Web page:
Bernard Marr is a world-renowned futurist, influencer and thought leader in the fields of business and technology, with a passion for using technology for the good of humanity. He is a best-selling author of 20 books, writes a regular column for Forbes and advises and coaches many of the world’s best-known organisations. He has over 2 million social media followers, 1 million newsletter subscribers and was ranked by LinkedIn as one of the top 5 business influencers in the world and the No 1 influencer in the UK.
Bernard’s latest book is ‘Business Trends in Practice: The 25+ Trends That Are Redefining Organisations’
What are OKRs? A Super Simple Explanation Of The Objectives & Key Results Management Tool
2 July 2021
When your organisation is looking for a way to set goals, you might want to consider the OKR (objectives and key results) process that Google, Twitter, LinkedIn and other high-achieving companies use. It is a simple management framework that helps everyone in the organisation see progress toward common goals.
Organisations of every size and representing every industry are always looking for ways to drive performance. It’s been a widely accepted practice to set organisational, department and individual goals to plan where you want to go, but many organisations practice a top-down goal-setting framework that often ends up getting stuck in the phase of figuring out what goals to set rather than moving through to achieving those goals. The Objectives and Key Results (OKR) framework offers an effective alternative that’s used in practice by Google, Spotify, Uber, Twitter, Airbnb and more.
What are OKRs?
OKRs, Objectives and Key Results, are a simple tool that helps an organisation achieve goals by building specific and measurable actions as well as communicating and monitoring progress toward them.
Objectives define where you want to go. They are short and inspirational. Companies typically create three to five high-level objectives per quarter. Objectives should also be ambitious. While choosing the right objective is one of the most challenging aspects of this practice, when you do it correctly you’ll be able to tell if you have reached the objective.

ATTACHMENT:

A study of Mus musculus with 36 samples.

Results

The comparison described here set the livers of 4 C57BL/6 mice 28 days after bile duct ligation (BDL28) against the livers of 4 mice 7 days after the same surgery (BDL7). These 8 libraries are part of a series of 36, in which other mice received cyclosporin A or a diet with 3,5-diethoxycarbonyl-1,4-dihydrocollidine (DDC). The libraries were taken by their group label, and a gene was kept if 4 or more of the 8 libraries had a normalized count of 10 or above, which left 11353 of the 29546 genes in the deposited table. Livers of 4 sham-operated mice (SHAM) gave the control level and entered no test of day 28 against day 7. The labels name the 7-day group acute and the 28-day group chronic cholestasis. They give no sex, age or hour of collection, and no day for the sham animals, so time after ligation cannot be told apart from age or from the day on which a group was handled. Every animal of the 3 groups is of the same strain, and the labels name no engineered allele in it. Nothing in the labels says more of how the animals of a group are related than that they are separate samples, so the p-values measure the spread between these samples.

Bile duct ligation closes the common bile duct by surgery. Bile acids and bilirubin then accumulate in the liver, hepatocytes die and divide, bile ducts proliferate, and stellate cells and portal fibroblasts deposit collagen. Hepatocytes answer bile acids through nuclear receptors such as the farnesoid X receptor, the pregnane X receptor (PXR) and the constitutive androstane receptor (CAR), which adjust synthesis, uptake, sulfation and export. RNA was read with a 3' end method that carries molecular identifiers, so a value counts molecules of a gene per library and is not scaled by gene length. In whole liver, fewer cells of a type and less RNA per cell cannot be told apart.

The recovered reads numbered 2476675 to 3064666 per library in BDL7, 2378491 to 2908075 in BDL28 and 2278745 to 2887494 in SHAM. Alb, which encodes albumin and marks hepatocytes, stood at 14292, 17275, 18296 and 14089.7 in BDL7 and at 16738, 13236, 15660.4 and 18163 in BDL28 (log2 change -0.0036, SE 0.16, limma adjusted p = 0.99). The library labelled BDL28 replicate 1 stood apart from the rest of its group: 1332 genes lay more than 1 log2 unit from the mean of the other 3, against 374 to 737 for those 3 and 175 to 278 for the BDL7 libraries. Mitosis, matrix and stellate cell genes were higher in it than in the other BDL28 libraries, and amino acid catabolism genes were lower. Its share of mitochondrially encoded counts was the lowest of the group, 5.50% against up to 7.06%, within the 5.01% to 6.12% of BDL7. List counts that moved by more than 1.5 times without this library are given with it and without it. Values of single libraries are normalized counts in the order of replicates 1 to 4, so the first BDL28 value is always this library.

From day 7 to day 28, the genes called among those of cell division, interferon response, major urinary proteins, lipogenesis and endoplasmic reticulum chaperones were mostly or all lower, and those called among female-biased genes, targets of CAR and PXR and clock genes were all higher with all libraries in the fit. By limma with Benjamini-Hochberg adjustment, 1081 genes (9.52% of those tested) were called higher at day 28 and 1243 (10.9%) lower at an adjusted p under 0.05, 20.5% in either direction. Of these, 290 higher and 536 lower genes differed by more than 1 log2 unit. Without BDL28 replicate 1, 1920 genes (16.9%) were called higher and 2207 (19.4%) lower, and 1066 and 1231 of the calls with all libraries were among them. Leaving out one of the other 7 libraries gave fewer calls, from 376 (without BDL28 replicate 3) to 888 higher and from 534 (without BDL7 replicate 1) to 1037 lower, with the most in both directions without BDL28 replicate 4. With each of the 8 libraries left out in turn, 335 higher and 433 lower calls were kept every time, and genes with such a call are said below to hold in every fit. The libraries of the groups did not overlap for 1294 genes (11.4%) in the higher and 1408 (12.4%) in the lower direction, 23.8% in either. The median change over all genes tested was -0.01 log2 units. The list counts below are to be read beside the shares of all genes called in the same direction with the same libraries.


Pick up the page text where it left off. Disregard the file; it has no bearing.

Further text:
Example objective: Increase profit by 20%
Key Results are the deliverables that you define for each objective so that you can measure your progress toward achieving that goal. Each objective should have two to five key results. And all key results need to be measurable.
Example key results: Reduce production costs by 10%. Implement new shipping software by August 2018.
The concept of OKRs was first developed by Andy Grove in the 1970s when he was president of Intel. The idea became popular when John Doerr, who also worked with Andy Grove at Intel and later became a venture capitalist and early investor in Google, introduced the concept to Google in the 1990s, which made it into a popular approach for the tech companies in Silicon Valley and beyond. Today, companies and not-for-profit organisations across all sectors are using the tool.
John Doerr’s formula for OKRs is:
I will (Objective) as measured by (set of Key Results).
Key Principles of OKRs
There are several key principles of the OKR goal-management framework, which include:
Simple and agile: OKRs are typically set monthly or quarterly so that an organisation is nimble enough to respond to changing conditions. The framework is simple and easy to understand and use which results in organisations investing time and resources into achieving their goals rather than the process to define goals and communicating to everyone in the organisation what they are.
Creates clarity and alignment within an organisation: OKRs are public. Since they are transparent it helps ensure alignment throughout all levels and departments in achieving the objectives and to ensure everyone is moving in the same direction.
Bidirectional: OKRs do not cascade from the top to the bottom. The strategic OKRs are set and then each group and individual builds tactical OKRs that align with the strategic OKRs simultaneously. This creates a much more efficient and effective process than cascade goal-setting models.
Encourages collaboration: OKRs make it easy to understand how every employee in the organisation has a critical role to play in achieving the strategic OKRs. Since everyone is moving forward toward a common objective, it makes it clear that no one can accomplish the ultimate goals alone.
5 OKR Best Practices
In addition to the key principles there are some best practices that will turn the OKR approach into a powerful goal management framework, which include:
1. It is okay to only achieve 60-70% of OKRs If your organisation achieves 100% of its OKRs, they are likely to be too easy and you need to set more ambitious goals. 2. OKRs are not an employee evaluation tool In order to have employees feel safe setting ambitious OKRs, they need to know they won’t be negatively impacted if they don’t achieve every OKR. 3. Everyone needs to get on board The commitment to OKRs needs to be company-wide. The process won’t work if only a portion of employees and management are committed. 4. Process needs to be lightweight Don’t overburden the process with unnecessary meetings or documentation. Part of the allure of the OKR process is that it is lightweight. Companies that are successful in deploying OKRs keep it simple as it was intended to be. 5. Patience with your organisation as you learn the process As with any management tool, it might not be perfectly executed the first time you try. Give yourself and your organisation time to become proficient with the OKR process.
Since some of the most successful companies of our time rely on the OKR process it just might be able to drive your organisation’s success as well. I have helped many organisations create strategic goal management approaches and would be happy to help yours.